Let’s not rush to elevate outgoing Treasury Secretary Robert Rubin to sainthood. Rubin is like a surfer who accepts credit for creating the big wave that carries him to shore. He might look good riding the board, but he’s not responsible for the wave’s motion.
The accolades being heaped on Rubin are based on a glaring fallacy. A successful economy doesn’t have an architect. It doesn’t require policy activism. It requires enforcement of property rights and an otherwise hands-off policy.
Any credit Rubin deserves for the economy would have to be for whatever restraint he imposed on President Clinton’s and the First Lady’s interventionist instincts. The Wall Street Journal says he also refrained from distracting Alan Greenspan from a policy of monetary stability. Let’s give him credit for that.
But there is a big black mark on Rubin’s record. The federal government’s tax take is at a peacetime high. What reason in the world is there for the feds’ taking well over 20 percent of our income? The administration brags that it got rid of the budget deficit. That’s not really true. The budget, minus Social Security, is still in deficit. The Social Security account is in surplus not because of any creative policy but because the middle and working classes are being taxed to the hilt. You should get rid of a deficit by eliminating government programs and agencies, not by increasing the burden on the taxpayers. The Clinton-Rubin administration has gone the tax-burden route.
And let’s not forget that Rubin has been a big advocate of international economic meddling, such as the International Monetary Fund intervention and the bailout of Mexico, which was really a bailout of Mexico’s American creditors. These policies have only rewarded irresponsibility and forced destructive monetary and tax measures on shaky economies.
We really need to get over this need to give a government official credit when the economy goes well. It reveals an embarrassing ignorance about the market process. After all, the study of economics began only after some discerning people noticed that economic order and general prosperity occurred without anyone’s having planned it. “Paris gets fed,” observed a group of French writers many years ago, although no one controlled the decentralized process that daily delivered meat, bread, wine, milk, and produce to the grocers’ shelves. Economics grew out of the investigation of how there could be undesigned order.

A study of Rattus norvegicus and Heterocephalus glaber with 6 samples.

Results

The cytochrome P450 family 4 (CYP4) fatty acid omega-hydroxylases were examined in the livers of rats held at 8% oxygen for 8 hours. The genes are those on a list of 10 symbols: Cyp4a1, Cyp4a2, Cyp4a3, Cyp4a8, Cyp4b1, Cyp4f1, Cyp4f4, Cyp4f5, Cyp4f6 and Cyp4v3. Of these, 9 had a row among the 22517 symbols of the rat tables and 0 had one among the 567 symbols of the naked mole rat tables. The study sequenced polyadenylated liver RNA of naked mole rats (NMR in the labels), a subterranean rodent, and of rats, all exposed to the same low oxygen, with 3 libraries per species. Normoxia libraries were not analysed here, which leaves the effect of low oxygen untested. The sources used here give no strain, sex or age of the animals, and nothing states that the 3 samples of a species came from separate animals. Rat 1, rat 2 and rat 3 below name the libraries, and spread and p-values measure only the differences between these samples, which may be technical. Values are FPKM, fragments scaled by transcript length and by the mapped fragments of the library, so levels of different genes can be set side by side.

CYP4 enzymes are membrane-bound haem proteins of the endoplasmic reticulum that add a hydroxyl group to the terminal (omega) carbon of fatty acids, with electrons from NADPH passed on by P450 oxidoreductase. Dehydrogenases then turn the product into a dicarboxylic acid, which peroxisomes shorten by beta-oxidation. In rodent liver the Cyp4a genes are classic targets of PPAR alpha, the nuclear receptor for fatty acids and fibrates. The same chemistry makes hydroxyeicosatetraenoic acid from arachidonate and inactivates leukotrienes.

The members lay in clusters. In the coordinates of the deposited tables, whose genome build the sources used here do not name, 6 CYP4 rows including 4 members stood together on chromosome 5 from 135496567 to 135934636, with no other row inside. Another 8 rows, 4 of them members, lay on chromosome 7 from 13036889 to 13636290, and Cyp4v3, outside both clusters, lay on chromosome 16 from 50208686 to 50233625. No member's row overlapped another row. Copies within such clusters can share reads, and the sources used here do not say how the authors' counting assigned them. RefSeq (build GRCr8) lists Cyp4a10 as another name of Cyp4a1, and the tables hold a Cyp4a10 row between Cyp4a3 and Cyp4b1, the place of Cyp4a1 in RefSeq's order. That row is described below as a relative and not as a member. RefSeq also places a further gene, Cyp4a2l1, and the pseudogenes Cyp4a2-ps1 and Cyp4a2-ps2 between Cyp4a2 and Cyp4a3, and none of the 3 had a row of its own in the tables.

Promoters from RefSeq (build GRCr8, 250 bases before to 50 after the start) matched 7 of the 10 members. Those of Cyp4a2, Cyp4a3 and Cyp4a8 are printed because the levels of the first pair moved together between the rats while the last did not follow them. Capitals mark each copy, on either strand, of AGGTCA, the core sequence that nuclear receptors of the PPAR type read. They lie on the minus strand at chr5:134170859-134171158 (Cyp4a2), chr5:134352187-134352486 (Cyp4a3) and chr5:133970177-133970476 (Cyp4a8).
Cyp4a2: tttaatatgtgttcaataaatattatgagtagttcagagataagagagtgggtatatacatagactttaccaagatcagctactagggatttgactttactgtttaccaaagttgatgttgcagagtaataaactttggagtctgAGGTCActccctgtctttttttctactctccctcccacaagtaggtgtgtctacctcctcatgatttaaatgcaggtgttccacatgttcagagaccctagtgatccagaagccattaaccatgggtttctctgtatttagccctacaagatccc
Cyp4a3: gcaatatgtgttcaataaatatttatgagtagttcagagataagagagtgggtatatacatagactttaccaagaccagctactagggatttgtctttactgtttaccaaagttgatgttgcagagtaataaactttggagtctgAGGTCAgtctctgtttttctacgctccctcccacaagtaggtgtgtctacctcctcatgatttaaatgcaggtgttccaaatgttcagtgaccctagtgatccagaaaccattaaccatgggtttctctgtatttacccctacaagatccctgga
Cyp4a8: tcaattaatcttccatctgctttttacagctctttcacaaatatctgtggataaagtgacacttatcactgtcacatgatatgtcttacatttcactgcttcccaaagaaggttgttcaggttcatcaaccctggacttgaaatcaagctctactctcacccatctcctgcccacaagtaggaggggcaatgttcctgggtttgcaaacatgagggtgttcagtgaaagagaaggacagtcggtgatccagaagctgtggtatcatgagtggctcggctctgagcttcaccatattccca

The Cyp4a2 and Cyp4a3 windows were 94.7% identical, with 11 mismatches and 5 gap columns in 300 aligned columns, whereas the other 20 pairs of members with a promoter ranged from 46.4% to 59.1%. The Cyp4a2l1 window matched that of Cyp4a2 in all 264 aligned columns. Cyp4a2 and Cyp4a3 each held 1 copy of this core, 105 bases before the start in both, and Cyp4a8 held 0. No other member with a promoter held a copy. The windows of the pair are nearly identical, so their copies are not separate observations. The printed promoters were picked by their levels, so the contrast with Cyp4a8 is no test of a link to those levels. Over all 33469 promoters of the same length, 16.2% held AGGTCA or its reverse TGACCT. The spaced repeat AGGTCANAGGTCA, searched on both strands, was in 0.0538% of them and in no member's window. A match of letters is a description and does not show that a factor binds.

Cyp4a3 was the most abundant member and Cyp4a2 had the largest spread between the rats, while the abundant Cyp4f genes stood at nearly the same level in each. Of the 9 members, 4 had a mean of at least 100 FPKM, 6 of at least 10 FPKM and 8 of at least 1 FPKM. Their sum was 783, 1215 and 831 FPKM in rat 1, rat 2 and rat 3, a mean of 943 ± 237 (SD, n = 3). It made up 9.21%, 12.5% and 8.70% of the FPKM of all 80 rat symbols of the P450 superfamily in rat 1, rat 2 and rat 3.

There is nothing mystical about undesigned social order, although some people think Adam Smith’s term “invisible hand” suggests mysticism. The market process gets its coordinating tendencies from purposeful human beings’ seeking to better their situations through production and trade. The resulting network of mutually beneficial exchanges through the division of labor makes everyone wealthier and provides incentives for further cooperation and improvement. It’s a virtuous circle.
This notion of undesigned, or spontaneous, order has grown into a major object of study. It was a prime interest of the late F.A. Hayek, who won the Nobel prize for economics in 1974 and who was born 100 years ago this month. Hayek, who taught at the University of Chicago, noted that to ignore or deny the self-ordering nature of the market process is to miss the whole point of economics.
Government can safeguard the market by enforcing property rights and contracts. But if it does anything more, it subverts the self-coordination. Taxes reduce the rewards to production. Regulation substitutes the whims of bureaucrats for the wisdom of the market’s participants. Government spending transfers wealth from earners to nonearners. Monetary manipulation distorts crucial market signals.
In recent years the economic news has been good. (Although, we might ask why we should be satisfied with 4 percent growth. Chile’s free economy grows at more than 6 percent.) But the good news started before the Clinton team came along. That doesn’t mean Republicans deserve the credit either. The real credit should go to everyone who has produced, and especially to those who helped corporations become leaner and more efficient in the 1980s and those who have spearheaded the information revolution, which has boosted productivity dramatically.
If we must single out individuals, let’s give the honors to financial innovator Michael Milken, Microsoft’s Bill Gates, and Intel’s Andrew Grove.